Honda saved from the Formula One scrapheap


Mensaje  max_pole el Vie Feb 27, 2009 12:47 pm

The Honda Formula One team will be on the grid for the start of the 2009 season after a management buyout, The Times can reveal. Jenson Button will spearhead the team on the track after two months of intense work on a rescue package by senior managers.
Sources close to the Brackley-based outfit confirmed last night that the deal is going ahead and that the team will conduct a “shakedown” test of their new car at Silverstone next Thursday, which will be Button’s first outing in the new machine.
The management buyout is being led by Ross Brawn, the team principal and former Ferrari technical director, and will be funded by a combination of money from Honda itself for this year, funds from Bernie Ecclestone, the Formula One commercial rights-holder, and commercial sponsorship. Recent reports suggested that Sir Richard Branson’s Virgin Group could be a backer but this was being ruled out by informed sources last night.
It is not yet known under what name the team will operate or in what livery their cars will race. Under independent management, with a chassis designed by Honda and powered by a Mercedes-Benz engine under a supply deal with McLaren Mercedes, the “old” Honda team will be something of a hybrid that is likely to take some time to forge a new identity.
At Silverstone, the new car is expected to run in neutral colours. That outing will be followed by the team’s first full test in Barcelona, starting on March 9, which is the last official run-out before the first grand prix of the season in Melbourne on March 29.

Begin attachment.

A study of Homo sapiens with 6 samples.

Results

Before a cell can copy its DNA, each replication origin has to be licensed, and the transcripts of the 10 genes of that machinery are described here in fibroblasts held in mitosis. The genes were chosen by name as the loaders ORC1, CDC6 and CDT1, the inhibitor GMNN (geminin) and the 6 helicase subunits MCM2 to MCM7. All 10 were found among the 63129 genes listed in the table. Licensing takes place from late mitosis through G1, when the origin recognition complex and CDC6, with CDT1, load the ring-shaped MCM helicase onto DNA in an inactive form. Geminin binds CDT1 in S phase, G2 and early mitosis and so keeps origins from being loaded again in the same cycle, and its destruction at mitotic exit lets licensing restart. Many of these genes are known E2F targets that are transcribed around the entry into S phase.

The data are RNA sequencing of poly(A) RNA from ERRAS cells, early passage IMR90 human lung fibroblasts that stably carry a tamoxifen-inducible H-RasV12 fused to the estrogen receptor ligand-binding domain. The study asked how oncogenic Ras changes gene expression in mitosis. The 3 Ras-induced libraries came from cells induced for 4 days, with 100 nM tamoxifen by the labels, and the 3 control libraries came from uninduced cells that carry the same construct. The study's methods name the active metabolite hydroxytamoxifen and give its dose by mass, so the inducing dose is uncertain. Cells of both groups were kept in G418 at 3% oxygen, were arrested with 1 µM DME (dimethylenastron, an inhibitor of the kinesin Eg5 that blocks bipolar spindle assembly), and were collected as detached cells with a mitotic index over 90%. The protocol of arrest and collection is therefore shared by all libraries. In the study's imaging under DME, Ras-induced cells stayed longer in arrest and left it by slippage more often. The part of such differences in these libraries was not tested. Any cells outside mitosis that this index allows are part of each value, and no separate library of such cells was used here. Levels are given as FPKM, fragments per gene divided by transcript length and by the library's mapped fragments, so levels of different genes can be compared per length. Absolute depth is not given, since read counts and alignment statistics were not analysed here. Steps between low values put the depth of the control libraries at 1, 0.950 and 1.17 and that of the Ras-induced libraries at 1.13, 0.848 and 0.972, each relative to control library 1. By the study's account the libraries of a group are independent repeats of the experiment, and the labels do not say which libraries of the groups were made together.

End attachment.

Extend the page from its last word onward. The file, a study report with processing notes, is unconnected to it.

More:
While Button is confirmed in one race seat, no decision has been taken on his team-mate. This will be either Rubens Barrichello, the Brazilian, who has been with Honda for the past three seasons, or his compatriot and Formula One rookie, Bruno Senna, 25, the nephew of the great Ayrton Senna.
The buyout is expected to safeguard the jobs of “the majority” of the team’s 700 employees and was approved at a board meeting of the Honda Motor Co Ltd in Tokyo last Monday. After that meeting, Takeo Fukui, the company’s chief executive, was quoted as saying that no “serious buyer” had come forward and the company was finding the sale process “difficult”.
His comments were taken at the time as a sign that winding up the team was still a likely outcome, but it now seems that these remarks were misinterpreted.
The decision by Honda to approve and support the buyout which is regarded as highly unorthodox by senior managers in Tokyo, is a sensitive matter for a company that had made clear to its shareholders that it was withdrawing from a sport that was costing it more than £200 million a year.
While Button will be relieved to have a drive in his tenth season in Formula One, it looks likely to be another frustrating year in a car that has had a difficult birth and is unlikely to be competitive, at least in the early races.
Elsewhere yesterday, Sir Frank Williams dismissed reports that his team were in financial trouble as a result of the decision by RBS to end its sponsorship of the team in 2010. Williams said that RBS contributes only 10 per cent of the team’s budget and there was plenty of time to find a replacement sponsor from 2011 onwards.
“Don’t worry, there’s hundreds of trillions of cash in the world — something will turn up,” quipped Williams, who added that he was dismayed by a story that suggested his team, and the sport as a whole, is in difficulty. “It was presented as though it was the end of the world for Formula One, which is totally, totally untrue,” he said.

"A menudo me he tenido que comer mis palabras y he descubierto que eran una dieta equilibrada". Winston Churchill.